The Whitney Museum chooses silence in an effort to displace, downplay, and negate valid public outrage regarding their policies, ethics and leadership. By Jamara Wakefield May 17th marked the start of the 79th Whitney Biennial. The Biennial is a contemporary art exhibition, featuring typically young and lesser-known artists, at the Whitney Museum of American Art […]
When You’re Young, Queer, Black — and Unwelcome in the “Gay Mecca”
Coming Out, Coming Up
I was 15, newly “out,” and I had never seen so many rainbows before in my life. It was exciting. It was important.
As I took my first walk around the Castro district in San Francisco, I was infatuated. Gay couples (mostly white men) openly held hands and I giggled at the penis-shaped cookies and sex toys displayed in store windows. I was a kid in a candy store – this scene was a stark contrast from Lansing, Michigan, where I’d spent the first 13 years of my life. There, gayness was condemned and ridiculed, if it was spoken about at all.
When I had the chance to visit the Castro again, I jumped at it. However, even when I first fell in love with the neighborhood, I remember noticing how few black people, or other people of color, there were. We were invisible.
At the time, I’d also internalized a lot of anti-blackness, along with the stereotype that most black folks are homophobic and transphobic. So it seemed to make sense to me that there weren’t many around.
I didn’t know then that black folks weren’t in the neighborhood because we weren’t welcome. I didn’t know that, historically, Castro bars and nightclubs had double- and triple-carded queer men of color. I didn’t know that the cost of living in the “gay mecca” was too high for most queers of color.
In fact, I didn’t even consider the possibility that black queer and trans folks existed. I’d gotten the white-washed version of queer history, which didn’t include people that looked like me. I didn’t know any different — I thought I had to choose to be either gay or Black.
My infatuation with these types of “gay meccas” — which in reality are white gay meccas — was pretty short-lived. I quickly realized that blatant racism was as common in white LGBTQ spaces as in any other white spaces.
I remember after Proposition 8 passed in California, outlawing same-sex marriages across the state, there was a heavy and racialized backlash against black and Latinx voters. Once again, black folks got painted as more homophobic than other communities, despite the fact that the percentage of voters who supported Prop. 8 were similar across ethnic groups. This was one of the first times I felt disappointed in a LGBTQ community I thought I was a part of.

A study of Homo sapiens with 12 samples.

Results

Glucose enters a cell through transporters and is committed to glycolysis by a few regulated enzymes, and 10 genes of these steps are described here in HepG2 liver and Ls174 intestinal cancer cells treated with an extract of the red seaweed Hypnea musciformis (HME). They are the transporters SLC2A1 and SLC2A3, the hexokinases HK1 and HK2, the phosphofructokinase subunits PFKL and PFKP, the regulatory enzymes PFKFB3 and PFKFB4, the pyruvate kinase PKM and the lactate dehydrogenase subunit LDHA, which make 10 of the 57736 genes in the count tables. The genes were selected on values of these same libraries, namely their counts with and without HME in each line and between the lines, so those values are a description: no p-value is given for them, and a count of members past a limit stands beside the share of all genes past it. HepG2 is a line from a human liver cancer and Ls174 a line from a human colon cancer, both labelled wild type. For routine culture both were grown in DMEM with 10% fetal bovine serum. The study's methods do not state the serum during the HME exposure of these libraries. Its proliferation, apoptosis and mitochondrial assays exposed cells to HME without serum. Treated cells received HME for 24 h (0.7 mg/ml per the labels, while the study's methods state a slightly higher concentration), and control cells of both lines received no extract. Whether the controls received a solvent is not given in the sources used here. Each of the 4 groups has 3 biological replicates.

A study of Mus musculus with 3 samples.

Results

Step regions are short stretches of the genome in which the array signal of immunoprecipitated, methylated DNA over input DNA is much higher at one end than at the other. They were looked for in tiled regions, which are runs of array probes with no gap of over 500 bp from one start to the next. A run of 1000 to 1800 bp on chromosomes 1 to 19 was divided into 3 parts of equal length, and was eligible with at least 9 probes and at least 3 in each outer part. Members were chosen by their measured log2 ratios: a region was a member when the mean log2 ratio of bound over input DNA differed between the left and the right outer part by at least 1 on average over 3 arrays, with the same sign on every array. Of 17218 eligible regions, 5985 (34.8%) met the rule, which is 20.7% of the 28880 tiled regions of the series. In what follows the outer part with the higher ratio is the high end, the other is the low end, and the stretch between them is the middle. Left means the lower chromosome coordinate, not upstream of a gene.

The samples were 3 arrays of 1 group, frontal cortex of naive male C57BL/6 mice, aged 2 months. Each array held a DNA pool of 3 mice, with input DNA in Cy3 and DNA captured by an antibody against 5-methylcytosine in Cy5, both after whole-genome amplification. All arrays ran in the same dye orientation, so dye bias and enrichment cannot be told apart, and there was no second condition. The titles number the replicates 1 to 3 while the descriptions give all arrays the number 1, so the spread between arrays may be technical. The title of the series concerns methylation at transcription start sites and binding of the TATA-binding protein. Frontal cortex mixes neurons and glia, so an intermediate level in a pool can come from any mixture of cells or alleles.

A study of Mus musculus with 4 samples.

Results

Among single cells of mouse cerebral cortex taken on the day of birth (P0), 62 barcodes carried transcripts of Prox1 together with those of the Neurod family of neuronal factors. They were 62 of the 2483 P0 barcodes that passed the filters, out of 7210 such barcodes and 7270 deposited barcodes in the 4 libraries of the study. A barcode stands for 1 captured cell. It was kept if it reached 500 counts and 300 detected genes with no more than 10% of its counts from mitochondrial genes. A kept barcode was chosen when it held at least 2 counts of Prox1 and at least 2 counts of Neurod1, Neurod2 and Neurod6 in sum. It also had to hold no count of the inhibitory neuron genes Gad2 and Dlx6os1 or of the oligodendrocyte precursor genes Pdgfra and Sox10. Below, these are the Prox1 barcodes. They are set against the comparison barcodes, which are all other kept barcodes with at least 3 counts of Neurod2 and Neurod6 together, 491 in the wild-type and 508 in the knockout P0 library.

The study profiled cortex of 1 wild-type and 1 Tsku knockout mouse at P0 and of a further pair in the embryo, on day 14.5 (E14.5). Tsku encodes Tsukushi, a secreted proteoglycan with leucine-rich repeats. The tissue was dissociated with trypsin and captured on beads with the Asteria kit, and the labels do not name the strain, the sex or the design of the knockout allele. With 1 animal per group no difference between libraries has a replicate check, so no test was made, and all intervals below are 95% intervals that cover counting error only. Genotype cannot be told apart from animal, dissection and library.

When I led the Queer Straight Alliance a few years later, folks jumped at the chance to address instances of homophobia — but wouldn’t show up to conversations about intersectionality and racism.
And in my early dating life, the number of times I encountered white women who had “a thing for black bois” made me feel more like an object than a person.
I began to feel angry and cheated by my early education and understanding of history. It’s not that I didn’t enjoy learning about Harvey Milk, listening to Melissa Etheridge and sporting rainbows — it’s that this was the only queer culture I was introduced to. It rendered my blackness invisible.
By my sophomore year in college, my studies were saving my life in more ways than one. Women and Gender Studies introduced me to the voices of Audre Lorde, Marsha P. Johnson, James Baldwin, Bayard Rustin and other black, queer and trans revolutionaries I’d never heard about in these “gay meccas.”
I was growing into my black queerness, even in an academic space saturated with predominantly white students. Lorde’s work spoke as if to me personally: “There is no such thing as a single-issue struggle, because we do not live single-issue lives.”
I began to realize that it was impossible for me to “choose” one identity “over” the other. My blackness informed my queerness and vice versa. I could not fight solely for marriage equality while ignoring the increasing numbers of murders of trans women of color.
These pieces of my identity — which had never left me — came together as one.
The Need for Spaces for Queer and Trans People of Color
Ten years after my first visit to the Castro, I’d argue that little has changed. I consider myself fortunate to live in an area that embraces queer folks in many ways, but I don’t feel my blackness is embraced in the same way.
A little over a year ago, queer and trans activists of color working in solidarity with #BlackLivesMatter were assaulted in Castro bars. While black and POC folks in these neighborhoods have continued to address the racism in the Castro and other designated “safe spaces,” there is still a long way to go.
In response to the anti-blackness and racism experienced in predominantly white queer spaces, queer and trans people of color (QTPOC) often find healing and community in our own events. QTPOC dance parties, writing circles, activist groups, and other occasions give me the chance to look around and feel seen and reflected.
While these separate spaces are often met with complaints of “reverse racism,” it’s important to understand that they were created because the “gay meccas” have failed queer folks of color.
Opportunities to build with other black queer folks has been so important to navigating this world that it’s hard to remember a time without that support. It is a way of deeply caring for ourselves. Creating our own sacred spaces help us honor all of who we are.
And in the words of my black, queer ancestor Audre Lorde: “Caring for myself is not self-indulgent; it is self-preservation, and that is an act of political warfare.”